23 October 2020

Week commencing 23 October 1989

All three of this week's top 150 debuts are singles that only registered a chart placing in Australia.  What is interesting is that only one of the three acts in question is Australian.  Let's take a look.
Cyndi Lauper: A chart position to forget
Top 150 debuts:
Number 127 "I Know You by Heart" by Bette Midler featuring David Pack
Peak: number 118
Peak date: 30 October 1989
Weeks in top 150: 7 weeks
Weeks on chart: 7 weeks

"I Know You by Heart" was an Australian-only single, and the third release from the Beaches soundtrack (number 1, June 1989), following "Wind Beneath My Wings" (number 1, May 1989) and "Under the Boardwalk" (number 26, August 1989).  Quite why this single was an exclusive release to Australia, I don't know - other than, possibly, because previous single "Under the Boardwalk" does not appear to have charted anywhere else.

"I Know You by Heart" was a duet with David Pack, who was the lead singer of the rock group Ambrosia.  While Ambrosia only managed to score one top 100 single in Australia ("How Much I Feel" - number 30, February 1979), this was Bette's thirteenth single to register on our chart.  "I Know You by Heart" was co-written by George Merrill and Shannon Rubicam, who as Boy Meets Girl scored a number 35 hit in Australia with "Waiting for a Star to Fall" in March 1989, and had penned big hits for Whitney Houston with "How Will I Know" (number 2, April 1986) and "I Wanna Dance with Somebody (Who Loves Me)" (number 1, June 1987).
On the state charts, "I Know You by Heart" performed strongest in Western Australia, where it reached number 58.
We will see Bette again in 1991.
Number 140 "Running in the Shadows" by The Bombers
Peak: number 130
Peak date: 13 November 1989
Weeks in top 150: 7 weeks
The Bombers were an Australian band, hailing from Sydney.  Going by their facebook page bio, the group morphed out of The Party Boys, and included members of The Angels and Status Quo.  This track appears on their Aim High album, which peaked at number 93 in April 1990.  This was their only single to enter the top 150.  That's about all I can tell you.
Number 145 "A Night to Remember" by Cyndi Lauper
Peak: number 145
Peak date: 23 October 1989
Weeks in top 150: 1 week
Weeks on chart: 4 weeks

Things started off reasonably well on the singles charts with Cyndi's third album, A Night to Remember (number 17, June 1989), with "I Drove All Night" peaking at number 11 for four weeks in July 1989.  Second single, "My First Night without You" (number 47, September 1989), didn't perform nearly as well, and now poor Cyndi was relegated to peaking outside the top 100 with the third release and title track from the album.  Unfortunately for Cyndi, this would become the new norm for her on the Australian chart, and she would not see inside the top 100 again until 1994, despite two studio albums being released in the interim.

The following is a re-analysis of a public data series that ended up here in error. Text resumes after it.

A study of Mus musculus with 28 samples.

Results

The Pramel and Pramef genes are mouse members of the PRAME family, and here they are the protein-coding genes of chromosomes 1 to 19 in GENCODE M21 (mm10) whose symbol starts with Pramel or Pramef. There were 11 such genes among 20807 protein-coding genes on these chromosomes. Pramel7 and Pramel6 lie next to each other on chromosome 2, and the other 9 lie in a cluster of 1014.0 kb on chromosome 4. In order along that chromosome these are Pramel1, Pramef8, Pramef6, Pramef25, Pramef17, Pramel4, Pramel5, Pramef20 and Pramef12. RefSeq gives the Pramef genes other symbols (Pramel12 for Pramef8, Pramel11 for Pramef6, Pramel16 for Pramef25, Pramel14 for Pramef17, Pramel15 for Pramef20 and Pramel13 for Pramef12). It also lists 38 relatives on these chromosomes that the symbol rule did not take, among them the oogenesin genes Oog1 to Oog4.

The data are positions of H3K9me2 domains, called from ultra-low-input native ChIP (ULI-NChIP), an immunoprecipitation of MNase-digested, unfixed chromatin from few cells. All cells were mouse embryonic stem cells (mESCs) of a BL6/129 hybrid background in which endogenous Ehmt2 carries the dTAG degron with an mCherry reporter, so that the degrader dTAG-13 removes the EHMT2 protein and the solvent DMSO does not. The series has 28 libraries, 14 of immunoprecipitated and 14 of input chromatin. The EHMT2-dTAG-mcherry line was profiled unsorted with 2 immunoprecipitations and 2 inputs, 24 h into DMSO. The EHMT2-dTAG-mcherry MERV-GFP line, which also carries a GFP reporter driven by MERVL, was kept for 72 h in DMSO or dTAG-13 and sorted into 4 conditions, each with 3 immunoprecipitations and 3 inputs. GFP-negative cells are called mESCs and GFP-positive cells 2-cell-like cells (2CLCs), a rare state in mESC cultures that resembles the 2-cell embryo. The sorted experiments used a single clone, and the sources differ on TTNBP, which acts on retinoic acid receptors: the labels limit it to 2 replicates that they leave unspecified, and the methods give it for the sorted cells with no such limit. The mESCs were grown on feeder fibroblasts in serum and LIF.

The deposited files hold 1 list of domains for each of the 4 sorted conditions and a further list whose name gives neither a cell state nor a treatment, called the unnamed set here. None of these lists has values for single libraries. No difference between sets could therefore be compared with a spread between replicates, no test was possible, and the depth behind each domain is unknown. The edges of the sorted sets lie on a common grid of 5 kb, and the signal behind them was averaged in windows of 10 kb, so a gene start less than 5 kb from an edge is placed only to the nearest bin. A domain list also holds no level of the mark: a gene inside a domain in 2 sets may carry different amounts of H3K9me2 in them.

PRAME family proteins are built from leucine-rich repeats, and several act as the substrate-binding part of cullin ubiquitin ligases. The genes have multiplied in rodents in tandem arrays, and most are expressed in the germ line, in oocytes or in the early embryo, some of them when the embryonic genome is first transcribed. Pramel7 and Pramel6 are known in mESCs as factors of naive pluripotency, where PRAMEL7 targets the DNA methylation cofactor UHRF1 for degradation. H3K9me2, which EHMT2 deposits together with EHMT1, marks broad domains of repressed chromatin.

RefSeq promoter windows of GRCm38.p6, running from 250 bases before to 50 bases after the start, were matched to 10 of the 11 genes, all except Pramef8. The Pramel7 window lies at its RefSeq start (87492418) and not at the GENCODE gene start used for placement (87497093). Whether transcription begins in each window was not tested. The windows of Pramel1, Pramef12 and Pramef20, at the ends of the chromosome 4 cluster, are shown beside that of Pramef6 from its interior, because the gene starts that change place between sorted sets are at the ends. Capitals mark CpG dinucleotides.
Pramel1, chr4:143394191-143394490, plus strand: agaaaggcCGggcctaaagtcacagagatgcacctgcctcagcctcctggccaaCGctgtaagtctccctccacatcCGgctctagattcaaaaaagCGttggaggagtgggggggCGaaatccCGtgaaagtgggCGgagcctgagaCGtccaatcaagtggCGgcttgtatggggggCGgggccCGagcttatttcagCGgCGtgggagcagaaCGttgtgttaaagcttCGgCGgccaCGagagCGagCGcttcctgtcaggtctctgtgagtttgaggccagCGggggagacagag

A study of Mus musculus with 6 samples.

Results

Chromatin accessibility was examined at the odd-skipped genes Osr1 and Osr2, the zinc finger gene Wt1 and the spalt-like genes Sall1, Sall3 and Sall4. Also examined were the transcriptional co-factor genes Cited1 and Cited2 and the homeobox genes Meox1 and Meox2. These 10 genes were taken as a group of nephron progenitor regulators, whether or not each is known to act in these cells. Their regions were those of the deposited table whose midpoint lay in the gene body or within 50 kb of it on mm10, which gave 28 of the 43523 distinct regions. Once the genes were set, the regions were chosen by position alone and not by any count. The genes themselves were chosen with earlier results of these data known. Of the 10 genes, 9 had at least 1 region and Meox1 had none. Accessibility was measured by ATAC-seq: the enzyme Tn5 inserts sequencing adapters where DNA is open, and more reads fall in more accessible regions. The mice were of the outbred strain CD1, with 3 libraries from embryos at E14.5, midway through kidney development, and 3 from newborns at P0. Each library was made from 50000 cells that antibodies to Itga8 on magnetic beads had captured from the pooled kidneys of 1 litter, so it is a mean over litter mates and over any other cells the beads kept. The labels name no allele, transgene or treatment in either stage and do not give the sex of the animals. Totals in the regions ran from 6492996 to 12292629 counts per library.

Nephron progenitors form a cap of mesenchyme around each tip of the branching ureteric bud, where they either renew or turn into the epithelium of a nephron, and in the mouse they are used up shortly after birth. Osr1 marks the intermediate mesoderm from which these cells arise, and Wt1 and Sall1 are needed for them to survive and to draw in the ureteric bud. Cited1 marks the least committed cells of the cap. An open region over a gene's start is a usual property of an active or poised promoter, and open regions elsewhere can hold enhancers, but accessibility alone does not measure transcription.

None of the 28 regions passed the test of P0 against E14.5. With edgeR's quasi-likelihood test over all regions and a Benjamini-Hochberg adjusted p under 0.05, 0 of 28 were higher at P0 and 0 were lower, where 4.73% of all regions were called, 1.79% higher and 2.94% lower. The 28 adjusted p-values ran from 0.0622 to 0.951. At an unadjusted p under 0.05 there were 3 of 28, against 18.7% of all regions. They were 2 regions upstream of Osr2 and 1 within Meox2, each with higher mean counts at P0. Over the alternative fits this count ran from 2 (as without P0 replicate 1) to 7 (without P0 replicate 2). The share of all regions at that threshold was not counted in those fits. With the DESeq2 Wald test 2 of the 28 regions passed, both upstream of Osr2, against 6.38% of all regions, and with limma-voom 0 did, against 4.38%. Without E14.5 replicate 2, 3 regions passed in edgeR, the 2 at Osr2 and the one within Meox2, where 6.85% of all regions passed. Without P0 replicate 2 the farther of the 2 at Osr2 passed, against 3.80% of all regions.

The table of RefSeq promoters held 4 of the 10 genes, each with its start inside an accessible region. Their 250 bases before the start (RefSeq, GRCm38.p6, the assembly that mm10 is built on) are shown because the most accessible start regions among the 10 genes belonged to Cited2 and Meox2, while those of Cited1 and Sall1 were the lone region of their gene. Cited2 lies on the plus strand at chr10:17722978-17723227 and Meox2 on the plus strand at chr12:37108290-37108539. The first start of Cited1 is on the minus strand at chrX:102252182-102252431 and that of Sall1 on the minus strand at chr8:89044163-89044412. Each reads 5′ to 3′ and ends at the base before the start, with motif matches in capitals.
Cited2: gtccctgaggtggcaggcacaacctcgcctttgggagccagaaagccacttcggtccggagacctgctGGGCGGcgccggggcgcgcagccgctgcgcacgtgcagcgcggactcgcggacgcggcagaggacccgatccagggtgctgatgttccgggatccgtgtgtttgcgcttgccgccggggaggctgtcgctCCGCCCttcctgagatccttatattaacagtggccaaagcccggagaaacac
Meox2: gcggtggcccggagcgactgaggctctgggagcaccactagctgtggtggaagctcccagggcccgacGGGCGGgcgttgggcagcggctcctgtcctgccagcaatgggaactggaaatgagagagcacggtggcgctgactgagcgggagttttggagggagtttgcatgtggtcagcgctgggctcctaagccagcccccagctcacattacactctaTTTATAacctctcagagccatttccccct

"A Night to Remember" appears to have only received a commercial single release in Australia, the United States, and Canada, with Australia being the only country it registered a chart placing in.  The single performed stronger on the Australian Music Report chart, where it peaked at number 96.

We will see Cyndi bubble under again before the year is out.

Bubbling WAY down under:

Number 153 "Heart of America" by Tony Llewellyn
Peak: number 153
Peak date: 23 October 1989
Weeks on chart: 2 weeks

We saw Tony Llewellyn in April 1989 with the second single from The News (number 135, November 1989), and here he is with the third and final single lifted from the album.  Although "Heart of America" missed the top 150, it was Tony's highest-charting single.  On the state charts, "Heart of America" performed strongest in New South Wales/Australian Capital Territory, where it reached number 135.

Number 164 "Fine Time" by Scary Bill
Peak: number 160
Peak date: 30 October 1989
Weeks on chart: 2 weeks

We saw Australian band Scary Bill in June 1989, and here they are with their second, and final, single to make the national chart.  "Fine Time" was the third single lifted from the band's only album Scary Bill (number 107, August 1989).  The first release from the album, "Crossroads", missed the national chart (when it stopped at number 100), but peaked at number 42 on the South Australia/Northern Territory state chart, where Scary Bill seemed to be most popular, in December 1988.

A fourth single, "Planet X", was issued locally in January 1990, but failed to chart.  The band then split up.

Next week (30 October): A bumper week with 7 new top 150 debuts and 2 singles bubbling WAY down under.  You can also follow my posts on instagram and facebook.